Life on the Lagoon
AS TOLD TO “AWAKE!” CORRESPONDENT IN GHANA
I SOMETIMES stand on the old bridge at night, watching the Ebrié fishermen slip away in their tree canoes for a night’s fishing. As I see them paddle off under the bridge and disappear into the night, I occasionally wish for the chance to go with them and spend a night on the lagoon once more. For I, too, am an Ebrié and the lagoon was once my whole life.
I now live in Abidjan, Ivory Coast, a bustling and prosperous city. However, I often long to be free of the dirt and noise and cement walls of the city and out in my pirogue once more, gliding between the rushes at the lagoon’s edge.
Many exquisite nights I spent with my father on the water. The lagoon, fringed by sand and sea on the one hand and the green jungle on the other, was peaceful, with no sound but water lapping and the occasional call of a fellow fisher. Sometimes a full moon would seem to turn everything to silver: silver droplets of water shining on silver nets, silver fish, and across the black waters of the lagoon the moonlight would make a silver alley for our boat.
Different Fishing Methods
We had many different ways of catching fish. My father and I would generally leave as darkness fell. Some kilometers from the village we would set the nets. We would retire a short distance and wait for ten minutes or so. Then we would start to beat the water with our paddles, and the fish, frightened from their holes, would swim into the nets. One or two times would generally bring in enough food for the family for that day.
The cast net is very popular. It is circular and weighted with pieces of lead or small rocks around the edges. After having spread manioc crumbs, our usual bait, on the water and marked the spot with poles thrust into the sandy bottom of the lagoon, we would retire for a short time and then slip back to cast the net over the area where the carp had gathered to the bait.
Throwing this large net while standing upright in a small pirogue is an art. Many a novice spends much of his time down among the fish, instead of catching them. But to hear the net go whistling out over the water and to watch the beautiful curve as it falls around the fish is exciting.
The villagers often go out in groups of ten or twenty since they can then use the larger nets and take the really big fish, some up to a hundred pounds in weight.
When there is fishing by hand in the mangrove swamps, many villagers participate. Leaving their boats some twenty meters from the designated spot, they swim swiftly toward the mangroves, simultaneously throwing up handfuls of mud from the bottom. The carp, unable to swim through the muddied waters, are trapped in the holes between the mangrove roots, and the fishermen can take them with their bare hands. It is a bit nerve-racking though, sticking one’s hand into that dark hole, hoping that it is just a carp that will be found!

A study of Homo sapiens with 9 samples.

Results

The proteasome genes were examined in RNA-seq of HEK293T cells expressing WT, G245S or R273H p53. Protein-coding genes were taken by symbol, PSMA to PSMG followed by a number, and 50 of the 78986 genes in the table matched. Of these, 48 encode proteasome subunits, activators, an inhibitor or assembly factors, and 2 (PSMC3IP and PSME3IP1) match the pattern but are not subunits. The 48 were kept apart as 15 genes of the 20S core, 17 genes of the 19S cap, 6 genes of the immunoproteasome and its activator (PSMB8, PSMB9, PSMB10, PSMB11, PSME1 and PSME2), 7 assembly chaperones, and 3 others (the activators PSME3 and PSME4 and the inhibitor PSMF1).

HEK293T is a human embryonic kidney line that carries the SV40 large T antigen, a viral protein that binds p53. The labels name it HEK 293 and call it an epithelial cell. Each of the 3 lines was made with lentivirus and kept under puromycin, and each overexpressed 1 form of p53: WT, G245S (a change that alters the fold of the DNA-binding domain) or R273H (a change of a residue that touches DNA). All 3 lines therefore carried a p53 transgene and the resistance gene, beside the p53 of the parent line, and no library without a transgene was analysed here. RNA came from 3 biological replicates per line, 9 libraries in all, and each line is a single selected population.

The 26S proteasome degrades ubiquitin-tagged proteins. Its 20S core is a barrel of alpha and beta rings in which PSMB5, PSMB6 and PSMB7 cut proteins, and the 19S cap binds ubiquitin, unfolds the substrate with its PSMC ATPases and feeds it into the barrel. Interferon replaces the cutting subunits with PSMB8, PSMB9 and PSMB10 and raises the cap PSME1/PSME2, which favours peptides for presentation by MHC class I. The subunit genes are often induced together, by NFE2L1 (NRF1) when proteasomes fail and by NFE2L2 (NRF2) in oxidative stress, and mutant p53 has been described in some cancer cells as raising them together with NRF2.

Banishing Fear from Lagoon Legends
Though nowadays I would rejoice in the peaceful evenings in the silence and darkness of the lagoon, I must confess that many times when I was out with my father I was afraid. In the mangrove swamps, for example, I was often frightened because we believed some of these places to be the haunt of strange monsters, capable of changing themselves into a crocodile or a big fish, lying there in wait for the unwary fisherman.
Another legend concerns Akou, thought to be a huge fire genie, covered with long hair from head to foot. I was taught that if I heard a strange whistling at midday or at midnight it was supposed to mean the approach of Akou, and I would have to jump on a piece of wood to protect myself.
All these stories were frightening for a young lad. But some time ago I learned the truth from the Bible about such tales, and now I can laugh at the fears I once had. Now I know that any strange whistling at midnight is likely to be some late night reveler returning, who has consumed more than his share of bangui, our local palm wine. And in the event that the local sorcerers and village seers have endeavored to contact the wicked spirits, I know that being a servant of Jehovah will protect me.—Ps. 23:4; Jas. 4:7.
Although I miss the simple life of the village, I have much for which to be thankful. I have been freed from many enslaving superstitions and am able to use my time more profitably. Here in Abidjan I was contacted with the Bible’s message of truth, and here are many people who have yet to learn its comforting truths, so I am happy to stay and help them. However, the life of a fisherman is in many ways a happy one, so who knows? Perhaps one day I will have a boat again and can go and search for my daily food as before. Until then I am content with the view from the bridge.